Bangladesh's most popular novelist and fiction writer Humayun Ahmed has died at a New York hospital after battling against colon cancer for nine months. He was 64.
He wrote over 200 fictions and non-fictions books. His almost all of the books became bestsellers and translated into English, Japanese and Russian and other foreign languages.
The death of the academic-turned-writer came days after doctors in the US carried out a surgery when he was believed to be out of danger but the disease return quickly visibly baffling the physicians.
Ahmed, who was a professor of chemistry in the premier Dhaka University, flew to the US last September after being diagnosed with cancer and received chemotherapy at the Memorial Sloan-Kettering Cancer Center and a subsequent surgery on June 21 but the doctors found an unknown virus in his body and were unable to treat him.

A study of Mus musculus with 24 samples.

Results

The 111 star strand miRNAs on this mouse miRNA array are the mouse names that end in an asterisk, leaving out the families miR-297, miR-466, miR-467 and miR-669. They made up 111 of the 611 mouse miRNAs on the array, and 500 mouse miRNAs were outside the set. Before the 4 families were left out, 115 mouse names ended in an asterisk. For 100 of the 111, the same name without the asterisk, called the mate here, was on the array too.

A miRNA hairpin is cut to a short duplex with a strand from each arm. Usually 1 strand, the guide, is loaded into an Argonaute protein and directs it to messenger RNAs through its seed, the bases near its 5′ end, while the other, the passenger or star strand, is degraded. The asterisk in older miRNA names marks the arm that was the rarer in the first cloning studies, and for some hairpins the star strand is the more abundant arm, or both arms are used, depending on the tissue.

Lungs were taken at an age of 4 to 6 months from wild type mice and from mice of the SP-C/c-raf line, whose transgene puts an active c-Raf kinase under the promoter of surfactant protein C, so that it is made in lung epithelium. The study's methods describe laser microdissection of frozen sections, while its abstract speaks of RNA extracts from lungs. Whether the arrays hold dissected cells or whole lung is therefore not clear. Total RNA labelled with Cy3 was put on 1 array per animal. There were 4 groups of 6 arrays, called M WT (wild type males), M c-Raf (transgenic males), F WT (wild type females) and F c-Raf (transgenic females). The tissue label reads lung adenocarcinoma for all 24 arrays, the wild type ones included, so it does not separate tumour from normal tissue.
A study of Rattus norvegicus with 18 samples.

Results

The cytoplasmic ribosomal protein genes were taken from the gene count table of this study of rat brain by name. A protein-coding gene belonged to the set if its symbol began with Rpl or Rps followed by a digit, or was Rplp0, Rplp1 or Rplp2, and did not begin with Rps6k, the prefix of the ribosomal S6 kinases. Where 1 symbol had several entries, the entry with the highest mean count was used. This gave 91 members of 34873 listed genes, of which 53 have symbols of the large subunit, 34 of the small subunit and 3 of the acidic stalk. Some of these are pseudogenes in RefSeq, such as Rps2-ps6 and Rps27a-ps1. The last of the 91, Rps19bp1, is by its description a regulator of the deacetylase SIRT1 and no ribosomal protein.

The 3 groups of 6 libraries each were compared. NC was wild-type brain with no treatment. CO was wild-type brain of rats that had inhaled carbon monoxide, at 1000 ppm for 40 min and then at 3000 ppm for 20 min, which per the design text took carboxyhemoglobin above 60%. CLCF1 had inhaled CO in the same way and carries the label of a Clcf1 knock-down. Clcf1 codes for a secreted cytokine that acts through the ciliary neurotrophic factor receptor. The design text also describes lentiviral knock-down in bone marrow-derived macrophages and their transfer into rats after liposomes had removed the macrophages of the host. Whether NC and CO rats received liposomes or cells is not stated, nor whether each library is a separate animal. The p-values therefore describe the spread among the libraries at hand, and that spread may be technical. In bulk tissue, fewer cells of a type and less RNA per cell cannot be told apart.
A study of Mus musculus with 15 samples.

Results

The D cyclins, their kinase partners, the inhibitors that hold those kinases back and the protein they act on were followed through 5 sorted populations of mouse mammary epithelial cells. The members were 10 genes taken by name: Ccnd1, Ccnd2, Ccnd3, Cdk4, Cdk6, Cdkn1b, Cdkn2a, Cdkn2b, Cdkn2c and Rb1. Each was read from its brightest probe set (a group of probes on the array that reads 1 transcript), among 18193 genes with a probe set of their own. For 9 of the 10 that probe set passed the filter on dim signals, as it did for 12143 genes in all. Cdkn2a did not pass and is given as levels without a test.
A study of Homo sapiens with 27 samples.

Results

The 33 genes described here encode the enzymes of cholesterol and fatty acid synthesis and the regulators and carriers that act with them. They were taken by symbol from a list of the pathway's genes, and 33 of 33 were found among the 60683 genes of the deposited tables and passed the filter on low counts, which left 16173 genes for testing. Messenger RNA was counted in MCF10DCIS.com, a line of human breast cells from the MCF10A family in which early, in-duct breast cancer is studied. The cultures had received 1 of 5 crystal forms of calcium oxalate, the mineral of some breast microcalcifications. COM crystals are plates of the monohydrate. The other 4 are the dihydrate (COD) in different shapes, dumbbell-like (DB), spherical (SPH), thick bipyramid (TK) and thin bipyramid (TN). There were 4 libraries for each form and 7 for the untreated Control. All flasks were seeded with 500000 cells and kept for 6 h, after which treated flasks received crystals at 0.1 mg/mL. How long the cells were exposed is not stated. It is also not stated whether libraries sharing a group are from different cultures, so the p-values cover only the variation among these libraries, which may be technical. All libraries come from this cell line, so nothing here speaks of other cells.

President Zillur Rahman, Prime Minister Sheikh Hasina and main opposition BNP chief Khaleda Zia mourned Ahmed's demise saying the death was an "irreparable loss" for the nation.
His family said the body was expected to return home on Sunday but they were yet to chalk up the burial plan or where Ahmed, also the country's leading filmmaker and playwright, would be laid to eternal rest.
He won every top award for writing in Bangladesh in a career that also saw him make half a dozen hit films, such as Aguner Poroshmoni (The Touchstone of Fire) and Srabon Megher Din (Monsoon Days).
Ahmed shot to fame after he wrote his first novel 'Nondito Noroke' (In Blissful Hell) while still a student at the Dhaka University.